Wells Fargo gets a record-setting fine for roping customers into fake accounts

Source: Getty Images
Source: Getty Images

Wells Fargo, the largest bank in the world in terms of market capitalization, was just handed the largest fine in the history of the Consumer Financial Protection Bureau, a government watchdog set up in the wake of the 2008-09 financial crisis, according to a statement from the CFPB. 

According to the CFPB, Wells Fargo employees illegally opened up accounts on behalf of clients without their knowledge in order to meet sales targets. 

At $100 million, it's the agency's largest fine ever, CFPB President Richard Cordray said in a prepared statement, and Wells Fargo has other liabilities as well. 

The bank will have to pay $35 million to the Office of the Comptroller of the Currency, and another $50 million to the City of Los Angeles — bringing its total penalty to $185 million.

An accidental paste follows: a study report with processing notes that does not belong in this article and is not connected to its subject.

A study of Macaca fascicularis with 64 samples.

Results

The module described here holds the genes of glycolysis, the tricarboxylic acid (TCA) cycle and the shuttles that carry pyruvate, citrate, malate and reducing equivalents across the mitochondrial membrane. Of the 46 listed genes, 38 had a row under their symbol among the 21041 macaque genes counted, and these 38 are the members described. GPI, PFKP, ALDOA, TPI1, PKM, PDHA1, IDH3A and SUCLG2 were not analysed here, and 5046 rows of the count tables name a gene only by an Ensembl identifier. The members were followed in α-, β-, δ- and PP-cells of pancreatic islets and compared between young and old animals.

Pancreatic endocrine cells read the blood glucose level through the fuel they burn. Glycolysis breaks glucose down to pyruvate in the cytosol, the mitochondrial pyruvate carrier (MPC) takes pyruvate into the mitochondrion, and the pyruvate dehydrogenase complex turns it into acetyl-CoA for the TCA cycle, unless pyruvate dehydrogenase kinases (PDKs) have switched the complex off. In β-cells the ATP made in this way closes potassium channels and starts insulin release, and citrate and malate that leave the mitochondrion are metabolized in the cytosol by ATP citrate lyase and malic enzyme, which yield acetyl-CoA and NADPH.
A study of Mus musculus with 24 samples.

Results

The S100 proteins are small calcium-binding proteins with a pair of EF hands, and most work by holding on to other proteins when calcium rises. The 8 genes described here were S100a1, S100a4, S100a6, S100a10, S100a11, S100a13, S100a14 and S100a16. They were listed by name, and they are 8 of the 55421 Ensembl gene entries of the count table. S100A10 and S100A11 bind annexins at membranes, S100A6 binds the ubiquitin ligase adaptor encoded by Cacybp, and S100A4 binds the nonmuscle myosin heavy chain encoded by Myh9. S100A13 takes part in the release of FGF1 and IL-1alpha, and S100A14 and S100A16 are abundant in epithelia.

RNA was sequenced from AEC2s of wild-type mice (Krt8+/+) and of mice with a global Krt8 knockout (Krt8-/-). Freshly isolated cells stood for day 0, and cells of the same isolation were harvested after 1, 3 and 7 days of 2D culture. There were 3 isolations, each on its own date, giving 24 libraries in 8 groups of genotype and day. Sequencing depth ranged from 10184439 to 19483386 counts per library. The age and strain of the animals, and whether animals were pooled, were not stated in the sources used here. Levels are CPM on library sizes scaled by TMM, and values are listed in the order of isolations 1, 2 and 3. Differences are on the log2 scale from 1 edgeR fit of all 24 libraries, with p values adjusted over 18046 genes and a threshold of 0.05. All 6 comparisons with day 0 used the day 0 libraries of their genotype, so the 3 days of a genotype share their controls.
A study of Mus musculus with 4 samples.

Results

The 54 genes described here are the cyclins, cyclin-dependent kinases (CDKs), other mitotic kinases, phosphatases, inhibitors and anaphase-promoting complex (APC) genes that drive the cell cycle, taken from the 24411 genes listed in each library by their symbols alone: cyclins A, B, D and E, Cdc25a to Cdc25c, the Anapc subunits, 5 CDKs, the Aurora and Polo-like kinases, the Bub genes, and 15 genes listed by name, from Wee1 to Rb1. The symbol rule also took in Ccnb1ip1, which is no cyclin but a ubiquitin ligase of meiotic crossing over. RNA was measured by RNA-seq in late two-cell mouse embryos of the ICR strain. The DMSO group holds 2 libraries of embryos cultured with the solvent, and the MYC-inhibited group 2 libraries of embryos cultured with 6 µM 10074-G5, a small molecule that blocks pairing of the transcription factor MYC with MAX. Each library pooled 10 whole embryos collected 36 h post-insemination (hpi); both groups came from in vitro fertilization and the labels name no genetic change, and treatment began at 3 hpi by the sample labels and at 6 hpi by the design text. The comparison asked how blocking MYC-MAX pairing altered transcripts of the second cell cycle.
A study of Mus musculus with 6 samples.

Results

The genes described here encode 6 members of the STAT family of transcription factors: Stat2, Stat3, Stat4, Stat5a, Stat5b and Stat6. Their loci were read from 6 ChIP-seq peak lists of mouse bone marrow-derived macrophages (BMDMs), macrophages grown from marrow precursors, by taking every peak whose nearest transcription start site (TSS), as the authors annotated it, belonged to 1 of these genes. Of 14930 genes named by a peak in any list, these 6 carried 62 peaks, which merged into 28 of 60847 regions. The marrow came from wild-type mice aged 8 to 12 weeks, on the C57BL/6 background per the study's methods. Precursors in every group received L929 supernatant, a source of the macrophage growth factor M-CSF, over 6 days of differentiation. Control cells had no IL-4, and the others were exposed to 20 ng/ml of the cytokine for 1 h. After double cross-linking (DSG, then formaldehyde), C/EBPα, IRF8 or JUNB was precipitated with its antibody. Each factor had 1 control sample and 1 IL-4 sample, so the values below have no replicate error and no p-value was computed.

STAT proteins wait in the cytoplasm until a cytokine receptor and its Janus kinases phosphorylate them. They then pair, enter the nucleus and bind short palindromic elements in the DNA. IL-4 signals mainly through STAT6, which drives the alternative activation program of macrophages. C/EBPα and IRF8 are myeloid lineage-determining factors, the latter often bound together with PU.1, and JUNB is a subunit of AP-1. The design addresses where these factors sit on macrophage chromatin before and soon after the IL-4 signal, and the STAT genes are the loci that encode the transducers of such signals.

Wells Fargo will also have to issue refunds to any customers affected, a sum which is expected to reach $2.5 million.

According to the CFPB, there have been roughly 1.5 million deposit accounts and more than 500,000 credit card accounts that were set up without authorization from customers. 

Representatives from the bank allegedly set up false email addresses and pin numbers as well, per the CFPB statement. 

"Wells Fargo reached these agreements consistent with our commitment to customers and in the interest of putting this matter behind us," a Wells Fargo spokeswoman said in an emailed statement to Mic. 

"We regret and take responsibility for any instances where customers may have received a product that they did not request."

This is the second time the CFPB has taken action against Wells Fargo in less than a month: In August, the bank had to refund $400,000 to customers of its student loan servicing wing it illegally overcharged.  


James is a staff writer covering money and millennials. Send your tips and your money problems to jdennin@mic.com.